Written and photographed by Hilette Hatting
Out of the distance, two lions come running. One has strikingly long blonde ‘hair’ that cascades in the wind, the other a kind of dominance and an air around him. Their big paws produce clouds of dust as they dash towards you.
Chuck and Norris, now three-and-a-half years old, didn’t always have such a carefree life – and probably would not have had a life at all if the Daniell Cheetah Project (DCP) hadn’t stepped in with financial support from Symba Wildlife Conservation (SWC), who’d decided to save the lions and give them a permanent home at the DCP farm in Kirkwood, Eastern Cape.
Cubs in danger
At a mere two weeks old, in June 2012, people contacted DCP about two lion cubs who didn’t have a mother. They could not get the babies to drink from a bottle; they needed help or else the little ones would not survive. DCP agreed to assist for a couple of months to get the cubs to a proper weight, healthy, and in good condition.
However, upon investigation, DCP discovered to their horror that these cubs would later be sold for canned hunting. They immediately contacted the parties involved and told them that they would not return the cubs. A ‘custody’ battle ensued. Eventually it was decided that DCP could only get the cubs if they bought them.
They were at their wits’ end; they didn’t have the funds or the space to get the cubs away from those monsters but they simply could not let them be murdered by so-called hunters. That’s when an American woman volunteering at DCP stepped in; she subsequently founded Symba Wildlife Conservation (SWC). DCP, SWC, and Wild Cats World (a Dutch non-profit organisation dedicated to rescuing captive wild cats) joined hands and rescued the brothers from an inhumane death. They had to ultimately buy the cubs to save them, but saving meant saving no matter the means or money…
The brothers’ beautiful home
A big enclosure was built on DCP property, complete with a splash pool and toys, which brothers Chuck and Norris now call their home. Norris, blonde, vivacious and a little fluffy, is a character of his own. He is the more playful of the two and has a cheeky twitch in his eyes and a tail that cannot be missed. Chuck, the more dominant of the brothers, is tall, dark and very handsome. He’s more composed but also a bit naughty. They currently weigh in at around 200kg each.
The brothers absolutely love water. The staff taught them to get into the splash pool by throwing little stones into it. They would chase the stones (like any other curious cats) and eventually realised that the water was quite nice. They also have a giant ball that Norris often tries to stand and balance on; so far he has managed to have three paws on the ball at the same time with the fourth keeping him steady on the ground.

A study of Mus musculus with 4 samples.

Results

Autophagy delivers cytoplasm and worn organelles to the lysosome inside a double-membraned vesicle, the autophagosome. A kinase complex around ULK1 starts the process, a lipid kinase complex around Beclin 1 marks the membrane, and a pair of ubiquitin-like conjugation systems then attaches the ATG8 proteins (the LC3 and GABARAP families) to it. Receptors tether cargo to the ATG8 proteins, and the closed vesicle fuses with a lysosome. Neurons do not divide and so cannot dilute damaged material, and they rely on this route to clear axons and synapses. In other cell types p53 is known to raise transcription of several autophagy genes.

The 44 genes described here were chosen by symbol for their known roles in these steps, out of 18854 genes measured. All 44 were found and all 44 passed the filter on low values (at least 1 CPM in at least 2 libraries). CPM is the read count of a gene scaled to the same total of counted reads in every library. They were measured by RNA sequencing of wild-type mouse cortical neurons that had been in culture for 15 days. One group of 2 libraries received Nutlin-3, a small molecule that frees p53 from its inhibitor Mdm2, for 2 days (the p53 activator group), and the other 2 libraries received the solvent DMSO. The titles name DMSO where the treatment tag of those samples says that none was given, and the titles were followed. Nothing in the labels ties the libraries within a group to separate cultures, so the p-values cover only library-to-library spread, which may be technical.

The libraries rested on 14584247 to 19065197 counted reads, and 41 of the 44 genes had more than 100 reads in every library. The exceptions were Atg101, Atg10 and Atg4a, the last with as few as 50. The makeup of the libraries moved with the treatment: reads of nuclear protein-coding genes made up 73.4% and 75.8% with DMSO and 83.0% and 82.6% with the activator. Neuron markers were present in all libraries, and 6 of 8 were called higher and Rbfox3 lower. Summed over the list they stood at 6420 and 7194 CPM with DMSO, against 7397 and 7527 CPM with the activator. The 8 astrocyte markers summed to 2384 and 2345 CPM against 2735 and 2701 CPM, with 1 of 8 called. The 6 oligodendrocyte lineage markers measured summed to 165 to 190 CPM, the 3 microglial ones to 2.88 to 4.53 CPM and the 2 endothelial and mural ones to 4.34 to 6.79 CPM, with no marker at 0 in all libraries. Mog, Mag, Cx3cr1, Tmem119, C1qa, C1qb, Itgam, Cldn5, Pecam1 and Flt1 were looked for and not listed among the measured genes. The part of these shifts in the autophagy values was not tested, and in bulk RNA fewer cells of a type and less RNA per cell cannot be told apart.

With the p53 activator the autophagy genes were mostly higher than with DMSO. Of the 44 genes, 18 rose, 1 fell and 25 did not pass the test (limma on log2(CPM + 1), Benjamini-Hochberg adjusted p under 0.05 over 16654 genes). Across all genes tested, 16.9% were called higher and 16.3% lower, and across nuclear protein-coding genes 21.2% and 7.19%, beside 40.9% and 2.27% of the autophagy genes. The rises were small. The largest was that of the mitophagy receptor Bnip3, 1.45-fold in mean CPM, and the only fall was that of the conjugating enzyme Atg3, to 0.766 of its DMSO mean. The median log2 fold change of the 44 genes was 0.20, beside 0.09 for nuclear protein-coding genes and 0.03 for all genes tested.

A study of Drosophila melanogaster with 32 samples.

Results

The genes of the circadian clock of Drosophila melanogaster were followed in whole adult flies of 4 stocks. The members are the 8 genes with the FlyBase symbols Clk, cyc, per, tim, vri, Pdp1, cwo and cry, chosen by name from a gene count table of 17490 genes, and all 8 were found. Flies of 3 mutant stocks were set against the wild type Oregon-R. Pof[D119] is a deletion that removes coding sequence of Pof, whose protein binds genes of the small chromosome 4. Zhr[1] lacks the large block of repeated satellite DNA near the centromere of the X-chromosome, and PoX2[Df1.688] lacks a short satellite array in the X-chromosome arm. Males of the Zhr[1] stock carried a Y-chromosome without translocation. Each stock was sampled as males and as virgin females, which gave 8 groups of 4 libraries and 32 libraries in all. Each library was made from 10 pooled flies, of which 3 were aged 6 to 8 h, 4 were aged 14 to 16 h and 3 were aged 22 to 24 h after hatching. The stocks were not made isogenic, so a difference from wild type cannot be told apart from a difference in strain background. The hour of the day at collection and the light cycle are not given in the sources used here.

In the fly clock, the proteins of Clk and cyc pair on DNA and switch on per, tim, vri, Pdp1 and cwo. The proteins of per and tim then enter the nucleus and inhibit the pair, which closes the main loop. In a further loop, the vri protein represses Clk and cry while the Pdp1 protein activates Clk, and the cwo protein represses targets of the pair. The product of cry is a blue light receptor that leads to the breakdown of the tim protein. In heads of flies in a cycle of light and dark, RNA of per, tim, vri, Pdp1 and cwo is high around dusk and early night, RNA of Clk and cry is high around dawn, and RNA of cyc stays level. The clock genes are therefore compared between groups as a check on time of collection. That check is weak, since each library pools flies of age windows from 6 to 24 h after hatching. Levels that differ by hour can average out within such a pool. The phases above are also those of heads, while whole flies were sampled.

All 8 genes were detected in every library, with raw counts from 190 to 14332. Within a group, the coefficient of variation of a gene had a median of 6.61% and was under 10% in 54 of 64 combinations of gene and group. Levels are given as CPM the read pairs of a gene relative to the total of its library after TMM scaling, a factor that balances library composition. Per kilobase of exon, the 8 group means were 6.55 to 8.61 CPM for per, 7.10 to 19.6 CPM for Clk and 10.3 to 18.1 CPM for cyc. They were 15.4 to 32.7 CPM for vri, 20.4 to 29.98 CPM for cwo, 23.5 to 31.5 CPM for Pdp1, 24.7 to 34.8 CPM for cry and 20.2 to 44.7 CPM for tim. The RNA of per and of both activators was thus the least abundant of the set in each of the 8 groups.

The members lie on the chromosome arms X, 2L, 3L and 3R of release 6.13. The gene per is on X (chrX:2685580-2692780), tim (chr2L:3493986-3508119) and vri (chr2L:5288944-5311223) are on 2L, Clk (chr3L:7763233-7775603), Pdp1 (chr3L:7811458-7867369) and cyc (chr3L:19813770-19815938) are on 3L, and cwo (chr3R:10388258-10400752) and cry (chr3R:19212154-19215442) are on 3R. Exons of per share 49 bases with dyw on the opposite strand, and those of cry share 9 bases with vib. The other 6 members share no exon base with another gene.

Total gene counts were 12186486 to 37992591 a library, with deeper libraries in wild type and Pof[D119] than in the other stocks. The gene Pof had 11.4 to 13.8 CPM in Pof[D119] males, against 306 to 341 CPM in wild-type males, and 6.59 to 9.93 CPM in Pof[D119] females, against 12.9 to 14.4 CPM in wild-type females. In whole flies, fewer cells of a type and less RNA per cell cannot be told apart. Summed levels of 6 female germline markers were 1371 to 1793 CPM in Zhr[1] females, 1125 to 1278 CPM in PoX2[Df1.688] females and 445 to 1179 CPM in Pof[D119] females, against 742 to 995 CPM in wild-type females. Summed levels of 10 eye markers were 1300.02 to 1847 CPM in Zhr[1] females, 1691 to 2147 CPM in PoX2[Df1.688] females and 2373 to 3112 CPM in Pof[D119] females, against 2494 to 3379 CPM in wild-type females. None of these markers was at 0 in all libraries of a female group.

The brothers run every time they see the bakkie as they know it’s time for food; they also love the sound of Harley-Davidson motorcycles – the sound is about the same frequency as their roar – and they roar and call whenever such a bike goes by. They enjoy a bit of chicken and almost catch it out of the air if it’s thrown into their enclosure. Each brother immediately puts his paws around his food in an almost praying gesture, which creates a certain sadness within you since there are so many lions out there not privileged to see the sun rise the next day.
Sadly, Chuck and Norris cannot go back into the wild. However, they’re helping to educate the public about the horrors of canned hunting. They will never be used for any sort of breeding and will probably spend the rest of their lives at DCP, roaring at Harleys and cooling off in their pool.
They are both beautiful, to say the least, and unique – and seem grateful for being rescued. There is a great bond between these brothers, and the staff love them as well. Speaking to Maxie Van Wyk, staff member and tour guide at DCP for seven years and current board member with Symba Wildlife Conservation, you quickly learn that nothing is impossible for this organisation. Their love for animals is tremendous and even though they were only able to save two lions today, educating the public about canned hunting could save even more lives tomorrow.
The Daniell Cheetah Project is based near Kirkwood in the Eastern Cape. Founded in 2001 with just three cheetahs, the organisation is now home to several leopards, cheetahs, servals, black-footed cats, caracals, the lion brothers – and a few meerkats. Their cheetah-breeding programme is aimed at preserving this beautiful wild cat species. They also offer tours of the farm designed to educate visitors. For more information, visit www.daniellcheetahproject.com, follow them on Facebook at ‘Daniell Cheetah Project’ and on Twitter at ‘@Daniellcheetah’, and watch their videos on their YouTube channel.